As a great fan of API-led integration technology, I want to highlight some ideas and approaches that need to be considered before starting with the design for a API network. Actually, I am working with MuleSoft and some of the technical terms refer to this integration platform. Please bear with me but I believe it is the best solution, but I am convinced that the basic idea of this article applies to other API-led integration solutions as well.
The one or the other may remember discussions from the “Platform Architect” course. We discussed in and out the benefits and pitfalls of the fine grained and coarse-grained approach. After some months working with MuleSoft my understanding of the differences and reasons for the one or the other is more transparent as it was before.
Do you believe that API design is important? I hope you do. If not, you may run into serious problems in later stages of your integration project. The simple difference between “fine-grained” and “coarse-grained” is – please allow me a first and simple approach to it – the number of APIs based on the same number of system integrations and non-functional requirements.
In other articles, the concept was introduced as the “right-grained” APIs. This implies, that there is “one” correct approach. I doubt, that this is the case. I also heard about “right-grained”. Even within one network, it could be beneficial to balance between these two and slightly change the approach depending on the requirements. Does it make sense to mix both approaches within one network? I think not. There are many reasons, which will be outlined in the next chapters. Besides, I have not seen a working network where the team used “vanilla” fine-grained and coarse-grained together and was successful in the end.
Let’s look at some formal aspects of the two approaches:
At first glance, coarse-grained APIs seem easier to maintain because there are not so many APIs. If you already have a relevant number of APIs and try to fight your way through the jungle, you may know what I am talking about.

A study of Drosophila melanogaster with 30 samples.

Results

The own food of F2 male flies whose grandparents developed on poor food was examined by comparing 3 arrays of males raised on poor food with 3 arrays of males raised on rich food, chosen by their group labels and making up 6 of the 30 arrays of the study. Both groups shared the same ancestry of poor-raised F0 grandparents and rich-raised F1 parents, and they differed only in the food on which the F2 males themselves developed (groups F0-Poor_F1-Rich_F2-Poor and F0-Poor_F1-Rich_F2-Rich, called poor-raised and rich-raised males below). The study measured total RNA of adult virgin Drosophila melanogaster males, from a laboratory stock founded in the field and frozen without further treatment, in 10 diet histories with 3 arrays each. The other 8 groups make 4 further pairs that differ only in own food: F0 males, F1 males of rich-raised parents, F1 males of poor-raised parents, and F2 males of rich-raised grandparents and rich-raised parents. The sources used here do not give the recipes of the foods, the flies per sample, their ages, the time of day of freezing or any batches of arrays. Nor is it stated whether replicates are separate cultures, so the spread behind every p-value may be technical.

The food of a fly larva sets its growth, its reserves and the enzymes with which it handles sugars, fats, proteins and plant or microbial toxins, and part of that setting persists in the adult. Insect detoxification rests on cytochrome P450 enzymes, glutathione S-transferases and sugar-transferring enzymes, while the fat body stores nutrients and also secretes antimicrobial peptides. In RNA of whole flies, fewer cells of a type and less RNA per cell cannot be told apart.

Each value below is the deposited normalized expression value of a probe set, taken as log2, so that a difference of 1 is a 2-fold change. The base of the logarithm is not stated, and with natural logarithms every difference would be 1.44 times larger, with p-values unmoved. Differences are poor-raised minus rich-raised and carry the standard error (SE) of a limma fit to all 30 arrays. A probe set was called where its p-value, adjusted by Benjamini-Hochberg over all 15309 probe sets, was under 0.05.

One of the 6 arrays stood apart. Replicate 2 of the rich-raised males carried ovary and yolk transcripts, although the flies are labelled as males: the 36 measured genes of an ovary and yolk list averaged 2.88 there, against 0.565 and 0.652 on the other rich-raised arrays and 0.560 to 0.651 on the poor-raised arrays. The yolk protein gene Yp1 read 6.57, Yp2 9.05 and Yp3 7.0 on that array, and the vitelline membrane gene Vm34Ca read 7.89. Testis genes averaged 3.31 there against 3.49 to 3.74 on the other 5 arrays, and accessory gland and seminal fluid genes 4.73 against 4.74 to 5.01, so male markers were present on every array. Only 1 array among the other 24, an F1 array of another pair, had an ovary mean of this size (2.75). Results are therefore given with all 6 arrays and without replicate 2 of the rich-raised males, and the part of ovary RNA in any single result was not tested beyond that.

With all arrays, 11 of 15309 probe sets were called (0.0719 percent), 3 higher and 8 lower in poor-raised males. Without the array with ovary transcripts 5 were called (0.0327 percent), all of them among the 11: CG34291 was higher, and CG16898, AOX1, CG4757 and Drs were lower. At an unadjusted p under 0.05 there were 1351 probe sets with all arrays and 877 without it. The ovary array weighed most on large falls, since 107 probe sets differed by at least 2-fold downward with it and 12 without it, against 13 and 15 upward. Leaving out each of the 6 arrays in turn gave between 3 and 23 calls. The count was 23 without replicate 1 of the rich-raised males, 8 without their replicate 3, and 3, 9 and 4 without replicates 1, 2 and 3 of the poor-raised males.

Are you using APIkit implementations? Then you may use error-handling on the level of the Router Flow. Let’s talk about a practical example. You have either only ONE SAP System API or you have created 10-30 based on the required entities or business processes. More APIs give you more flexibility in defining alerts or error flows. However, they may also lead to unexpected complexity through redundancy.
If you use the network for communication and reporting to other lines of business, then the fine-grained network brings more benefits.
The description of an API is clearer and leads towards the real business process, if there are more APIs instead of just one “Order Process API”.
I am not sure, whether elegant development is a KPI for your team – probably not. However, from an API developer perspective, a fine-grained approach makes the most sense, because it allows the developer to structure the flows and therefore the implementation of the API more effective and transparent. The flip-side of the coin is the possible duplication of code/components. In order to avoid this, some experience is required, not only from the developer but also from the CoE (if there is one) or the project management.
You always need more CloudHub workers if you have more APIs, even when they are “smaller” from a functional perspective. This is a potential downside in terms license-costs. License costs are measured in vCores as you probably know. Each CloudHub worker need at least 0,1 vCore to be created.
I think it is fair to say, that smaller APIs can be easier understood and read. The more assets you have, the better you control the network from a functional perspective. Does that contradict my previous statements, that that as more API’s you have that this is harder to maintain? Not necessarily, it is just the flip side of the coin. The decision of the Mule architect is simply what counts more in the specific case. Either you want to have atomic functions which are easy to understand, or you like less API’s which are better to maintain from a technical perspective.
You have to make sure, that everybody understands the meaning and interactions between the APIs.
Performance could be the most important non-functional requirement for a project that implements an API network. The number of APIs influences the performance in several ways. The most obvious reason is latency. The more APIs, the more transformations and probably more HTTP requests in and out which creates a higher latency. If this is critical for you, this leads to fine-tuning API parameters and requires caching or intelligent ways to parallelize the integration flow.
Believe me or not, in the end, the reliability and acceptance of your integration network will depend more on other factors. However, the way towards this holy grail can be dramatically influenced by the decision how you design your API network.